Recently, I came across a Gallup poll, polling students in grades 5 through 12 about their level of engagement in school. The poll measured hope, engagement and well-being of nearly 500,000 students from more than 1,700 public schools in 37 states. The poll found that nearly 8 out of 10 elementary students who participated in the poll are engaged in school. That number dramatically decreases the longer students are in school, with only 4 out of 10 high-school students stating they are engaged in school. The data suggests that the longer students stay in school, the less engaged they become.
Educators, both in and out of the classroom, are constantly striving to learn how to best serve the students they encounter each day. The best teachers and schools are continually wondering what they can do better, even when things are going well. They are lifelong learners as individuals and as institutions. School is never finished.
Interestingly, the high-school students who said they were engaged in their learning report that high school feels much like their elementary school. As a Montessori school, one of the things we pride ourselves in is student engagement. Students want to come to school. They can’t wait to see what the day holds for them. They engage not only with the teachers and students, they engage with the classroom materials, the environment, the ideas, lessons and the broader community. They yearn for more. And if a student doesn’t have this eagerness for learning, solutions are sought. What is the child excited about? What do they spend their time doing outside of school? How can we serve that student in ways that may be unique for him? What can we do to help them more and what can we do better?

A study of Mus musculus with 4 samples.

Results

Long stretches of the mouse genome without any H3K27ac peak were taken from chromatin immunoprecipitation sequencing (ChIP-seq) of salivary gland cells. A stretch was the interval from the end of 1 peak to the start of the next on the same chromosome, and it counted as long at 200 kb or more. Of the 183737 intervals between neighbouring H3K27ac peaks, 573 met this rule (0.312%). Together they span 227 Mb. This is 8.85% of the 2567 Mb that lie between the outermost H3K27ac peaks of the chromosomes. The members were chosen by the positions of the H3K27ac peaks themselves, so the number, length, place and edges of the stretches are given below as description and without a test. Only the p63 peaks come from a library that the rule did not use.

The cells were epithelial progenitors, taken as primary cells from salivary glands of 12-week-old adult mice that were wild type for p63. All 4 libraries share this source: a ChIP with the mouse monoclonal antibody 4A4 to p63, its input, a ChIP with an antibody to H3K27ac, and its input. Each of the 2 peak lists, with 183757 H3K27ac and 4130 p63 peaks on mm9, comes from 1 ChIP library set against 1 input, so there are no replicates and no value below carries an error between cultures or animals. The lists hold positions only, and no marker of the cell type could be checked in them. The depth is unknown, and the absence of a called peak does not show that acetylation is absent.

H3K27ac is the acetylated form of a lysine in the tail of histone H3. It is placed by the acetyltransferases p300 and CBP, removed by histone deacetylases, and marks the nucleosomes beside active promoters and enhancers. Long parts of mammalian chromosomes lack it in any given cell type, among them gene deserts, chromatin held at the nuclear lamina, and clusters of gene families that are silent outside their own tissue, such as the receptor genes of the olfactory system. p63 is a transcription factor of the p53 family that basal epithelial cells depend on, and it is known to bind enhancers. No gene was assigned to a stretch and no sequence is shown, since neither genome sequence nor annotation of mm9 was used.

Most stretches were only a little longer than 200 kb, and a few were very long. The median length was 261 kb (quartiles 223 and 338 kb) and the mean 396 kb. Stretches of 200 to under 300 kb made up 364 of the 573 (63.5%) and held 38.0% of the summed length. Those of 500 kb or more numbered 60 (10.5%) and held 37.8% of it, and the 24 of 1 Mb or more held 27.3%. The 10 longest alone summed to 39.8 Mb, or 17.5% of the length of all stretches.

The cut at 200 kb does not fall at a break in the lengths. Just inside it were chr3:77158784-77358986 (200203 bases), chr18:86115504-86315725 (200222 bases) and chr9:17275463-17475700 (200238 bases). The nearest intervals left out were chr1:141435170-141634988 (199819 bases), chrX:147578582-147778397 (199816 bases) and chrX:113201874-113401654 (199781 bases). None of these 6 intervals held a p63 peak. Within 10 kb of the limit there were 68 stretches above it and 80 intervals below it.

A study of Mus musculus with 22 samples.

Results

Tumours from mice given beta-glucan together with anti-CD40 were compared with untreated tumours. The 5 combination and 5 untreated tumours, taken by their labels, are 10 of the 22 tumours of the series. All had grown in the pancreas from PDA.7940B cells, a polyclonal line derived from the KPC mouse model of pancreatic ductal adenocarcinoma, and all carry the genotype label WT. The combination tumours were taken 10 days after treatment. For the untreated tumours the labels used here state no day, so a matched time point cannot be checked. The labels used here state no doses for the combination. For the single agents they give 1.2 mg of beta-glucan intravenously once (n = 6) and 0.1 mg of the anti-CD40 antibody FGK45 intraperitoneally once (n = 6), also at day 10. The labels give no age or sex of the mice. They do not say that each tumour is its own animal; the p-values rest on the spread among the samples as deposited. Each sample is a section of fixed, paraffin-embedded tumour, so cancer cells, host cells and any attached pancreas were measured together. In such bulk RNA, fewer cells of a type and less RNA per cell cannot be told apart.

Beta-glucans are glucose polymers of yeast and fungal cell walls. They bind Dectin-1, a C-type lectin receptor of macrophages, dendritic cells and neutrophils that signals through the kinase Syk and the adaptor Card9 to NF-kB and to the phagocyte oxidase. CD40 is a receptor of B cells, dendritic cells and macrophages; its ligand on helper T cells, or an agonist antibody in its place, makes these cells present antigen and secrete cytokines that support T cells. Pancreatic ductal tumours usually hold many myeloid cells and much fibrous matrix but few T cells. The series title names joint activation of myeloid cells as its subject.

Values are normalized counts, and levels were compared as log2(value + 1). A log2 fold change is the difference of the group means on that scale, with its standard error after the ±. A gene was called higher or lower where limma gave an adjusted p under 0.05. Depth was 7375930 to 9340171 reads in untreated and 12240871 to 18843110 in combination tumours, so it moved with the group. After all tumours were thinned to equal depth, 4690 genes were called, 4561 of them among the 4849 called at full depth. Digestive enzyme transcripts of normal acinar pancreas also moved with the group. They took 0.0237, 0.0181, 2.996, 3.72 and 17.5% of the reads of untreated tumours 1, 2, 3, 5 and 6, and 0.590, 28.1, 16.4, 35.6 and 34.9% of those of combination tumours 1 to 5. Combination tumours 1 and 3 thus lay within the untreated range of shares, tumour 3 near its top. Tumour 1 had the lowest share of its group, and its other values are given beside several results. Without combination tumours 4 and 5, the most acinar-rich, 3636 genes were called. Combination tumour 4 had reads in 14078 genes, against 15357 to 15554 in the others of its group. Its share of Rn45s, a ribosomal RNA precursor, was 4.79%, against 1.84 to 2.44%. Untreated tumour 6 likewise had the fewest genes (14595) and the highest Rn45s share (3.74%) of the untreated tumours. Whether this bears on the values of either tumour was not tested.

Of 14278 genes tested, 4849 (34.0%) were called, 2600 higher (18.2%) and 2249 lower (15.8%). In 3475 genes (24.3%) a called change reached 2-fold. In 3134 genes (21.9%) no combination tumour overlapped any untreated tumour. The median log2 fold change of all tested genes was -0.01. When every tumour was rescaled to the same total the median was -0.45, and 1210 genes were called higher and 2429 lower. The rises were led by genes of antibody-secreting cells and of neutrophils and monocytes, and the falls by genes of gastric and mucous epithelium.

Students come to us from a variety of situations. Schools are set up to help students gain knowledge, understanding and skills that will serve them throughout their lives. To think that simply imparting content will engage and interest them is a mistake. Students are just like adults in that they have interests, curiosities and are continually trying to make sense of their world. They enter school at a young age with hope and fascination as doors are unlocked for them. Our job – no matter the educational setting from preschool through college – is to help them find the keys.